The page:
February 21, 2016Reporters Without Borders (RSF) condemns the arbitrary arrest of four US journalists in Bahrain on 14 February. They were there to cover the fifth anniversary of the 2011 protests in Bahrain.
RSF is relieved to learn of the release of the four US journalists who had been detained in Bahrain since 14 February.
After interrogating them this morning, the public prosecutors office issued a statement announcing their conditional release pending the outcome of the investigation.
They are charged with participating in an illegal demonstration with a view to causing public order disturbances. As they are not subject to any travel restrictions, they can now leave Bahrain.
In order to censor the reporting of both local and foreign journalists, the Bahraini authorities often accuse them of taking part in illegal demonstrations and attacking members of the security forces.
Freelance reporter Anna Therese Day and her three-member TV crew were arrested in Sitra, south of the capital, Manama, where they had gone to cover activities marking the anniversary of the start of the protests.
They are accused of working as journalists without permission. One of them, who was arrested in the middle of a demonstration, is also charged with illegal behaviour towards the security forces.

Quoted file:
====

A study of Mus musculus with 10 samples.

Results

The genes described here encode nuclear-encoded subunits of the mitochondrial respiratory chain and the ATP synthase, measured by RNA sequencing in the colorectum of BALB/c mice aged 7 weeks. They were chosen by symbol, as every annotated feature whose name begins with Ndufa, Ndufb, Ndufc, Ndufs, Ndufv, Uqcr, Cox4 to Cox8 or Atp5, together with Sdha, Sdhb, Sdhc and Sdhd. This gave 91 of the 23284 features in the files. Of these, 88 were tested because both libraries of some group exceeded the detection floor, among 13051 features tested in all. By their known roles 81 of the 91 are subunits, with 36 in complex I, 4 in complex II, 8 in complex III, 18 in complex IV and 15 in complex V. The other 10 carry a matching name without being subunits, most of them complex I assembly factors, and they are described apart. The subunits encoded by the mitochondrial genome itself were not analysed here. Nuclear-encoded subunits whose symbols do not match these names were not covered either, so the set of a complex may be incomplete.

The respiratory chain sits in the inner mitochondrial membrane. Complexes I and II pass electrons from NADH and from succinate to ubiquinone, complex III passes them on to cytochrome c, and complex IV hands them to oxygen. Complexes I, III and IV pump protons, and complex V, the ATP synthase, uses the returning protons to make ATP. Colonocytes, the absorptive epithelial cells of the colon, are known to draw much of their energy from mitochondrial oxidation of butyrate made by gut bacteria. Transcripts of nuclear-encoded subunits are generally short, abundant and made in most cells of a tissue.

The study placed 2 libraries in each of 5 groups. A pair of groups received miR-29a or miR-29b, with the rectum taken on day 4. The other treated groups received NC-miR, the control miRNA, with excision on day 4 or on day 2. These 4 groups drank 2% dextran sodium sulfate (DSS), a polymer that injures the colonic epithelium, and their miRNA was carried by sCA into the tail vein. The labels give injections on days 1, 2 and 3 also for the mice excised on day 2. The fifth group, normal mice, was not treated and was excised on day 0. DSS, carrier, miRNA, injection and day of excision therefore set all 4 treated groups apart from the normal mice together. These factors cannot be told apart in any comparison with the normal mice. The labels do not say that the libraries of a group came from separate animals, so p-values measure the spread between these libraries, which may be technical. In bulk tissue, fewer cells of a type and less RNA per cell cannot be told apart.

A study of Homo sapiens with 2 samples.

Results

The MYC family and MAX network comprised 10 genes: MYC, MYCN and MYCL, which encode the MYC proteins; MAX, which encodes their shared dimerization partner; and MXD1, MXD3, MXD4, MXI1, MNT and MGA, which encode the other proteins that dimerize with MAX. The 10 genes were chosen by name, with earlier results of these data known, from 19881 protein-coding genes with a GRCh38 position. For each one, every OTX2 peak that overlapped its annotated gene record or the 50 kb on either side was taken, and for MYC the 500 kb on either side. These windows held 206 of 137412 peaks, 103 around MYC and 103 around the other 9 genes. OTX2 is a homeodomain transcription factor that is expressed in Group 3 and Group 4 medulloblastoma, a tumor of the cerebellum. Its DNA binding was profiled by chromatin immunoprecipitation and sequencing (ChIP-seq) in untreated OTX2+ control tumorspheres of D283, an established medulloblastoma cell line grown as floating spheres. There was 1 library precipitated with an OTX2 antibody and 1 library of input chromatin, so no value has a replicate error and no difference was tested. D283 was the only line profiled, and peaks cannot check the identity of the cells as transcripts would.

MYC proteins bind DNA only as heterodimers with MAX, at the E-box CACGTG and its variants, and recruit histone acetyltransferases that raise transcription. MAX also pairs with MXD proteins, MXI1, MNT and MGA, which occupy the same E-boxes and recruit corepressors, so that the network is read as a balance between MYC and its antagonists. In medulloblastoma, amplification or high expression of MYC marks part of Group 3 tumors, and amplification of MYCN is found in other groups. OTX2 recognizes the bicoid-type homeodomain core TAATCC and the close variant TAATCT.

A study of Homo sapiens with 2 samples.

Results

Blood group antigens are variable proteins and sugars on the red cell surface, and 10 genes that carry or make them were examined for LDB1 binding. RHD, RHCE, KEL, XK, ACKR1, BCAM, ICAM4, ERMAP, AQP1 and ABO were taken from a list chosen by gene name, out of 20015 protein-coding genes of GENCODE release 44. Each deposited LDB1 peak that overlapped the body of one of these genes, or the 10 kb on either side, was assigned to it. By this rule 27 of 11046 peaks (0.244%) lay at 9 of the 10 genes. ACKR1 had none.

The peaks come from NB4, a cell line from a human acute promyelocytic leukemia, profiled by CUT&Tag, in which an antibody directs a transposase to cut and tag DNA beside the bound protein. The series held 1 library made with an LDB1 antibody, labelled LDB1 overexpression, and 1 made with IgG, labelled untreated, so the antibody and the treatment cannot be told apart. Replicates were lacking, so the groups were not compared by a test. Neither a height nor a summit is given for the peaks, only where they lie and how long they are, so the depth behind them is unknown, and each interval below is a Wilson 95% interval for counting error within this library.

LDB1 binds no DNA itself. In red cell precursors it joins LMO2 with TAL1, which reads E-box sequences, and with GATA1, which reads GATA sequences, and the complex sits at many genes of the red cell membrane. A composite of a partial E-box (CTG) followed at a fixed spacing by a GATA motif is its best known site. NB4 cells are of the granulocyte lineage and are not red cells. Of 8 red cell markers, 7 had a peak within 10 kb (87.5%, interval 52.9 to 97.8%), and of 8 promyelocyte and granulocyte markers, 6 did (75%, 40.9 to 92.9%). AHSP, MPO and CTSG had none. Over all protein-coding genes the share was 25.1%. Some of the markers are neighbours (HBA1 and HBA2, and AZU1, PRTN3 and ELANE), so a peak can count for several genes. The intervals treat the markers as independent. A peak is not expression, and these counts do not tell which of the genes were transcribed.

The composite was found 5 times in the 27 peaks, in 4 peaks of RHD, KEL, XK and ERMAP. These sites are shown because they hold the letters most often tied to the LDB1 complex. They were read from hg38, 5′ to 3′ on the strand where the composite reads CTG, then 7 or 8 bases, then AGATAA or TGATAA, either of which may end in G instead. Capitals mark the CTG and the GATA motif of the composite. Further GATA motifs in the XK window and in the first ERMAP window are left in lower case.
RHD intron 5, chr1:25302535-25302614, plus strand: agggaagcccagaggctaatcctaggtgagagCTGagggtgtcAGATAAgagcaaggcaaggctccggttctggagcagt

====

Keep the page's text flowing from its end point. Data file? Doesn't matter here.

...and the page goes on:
RSF calls on the authorities to release the four detained journalists at once and without conditions, said Alexandra El Khazen, the head of RSFs Middle East desk. Ever since the February 2011 protests, it has been difficult for foreign journalists to obtain work visas in the run-up to their anniversary. The authorities hope to control the situation by keeping the number of unwanted witnesses of new protests to the minimum.
The four journalists, who reportedly entered the country on 11 and 12 February, were still being interrogated by prosecutors this morning.
A total of 14 professional and non-professional journalists are currently imprisoned in Bahrain, which is ranked 163rd out of 180 countries in the 2015 Reporters Without Borders press freedom index.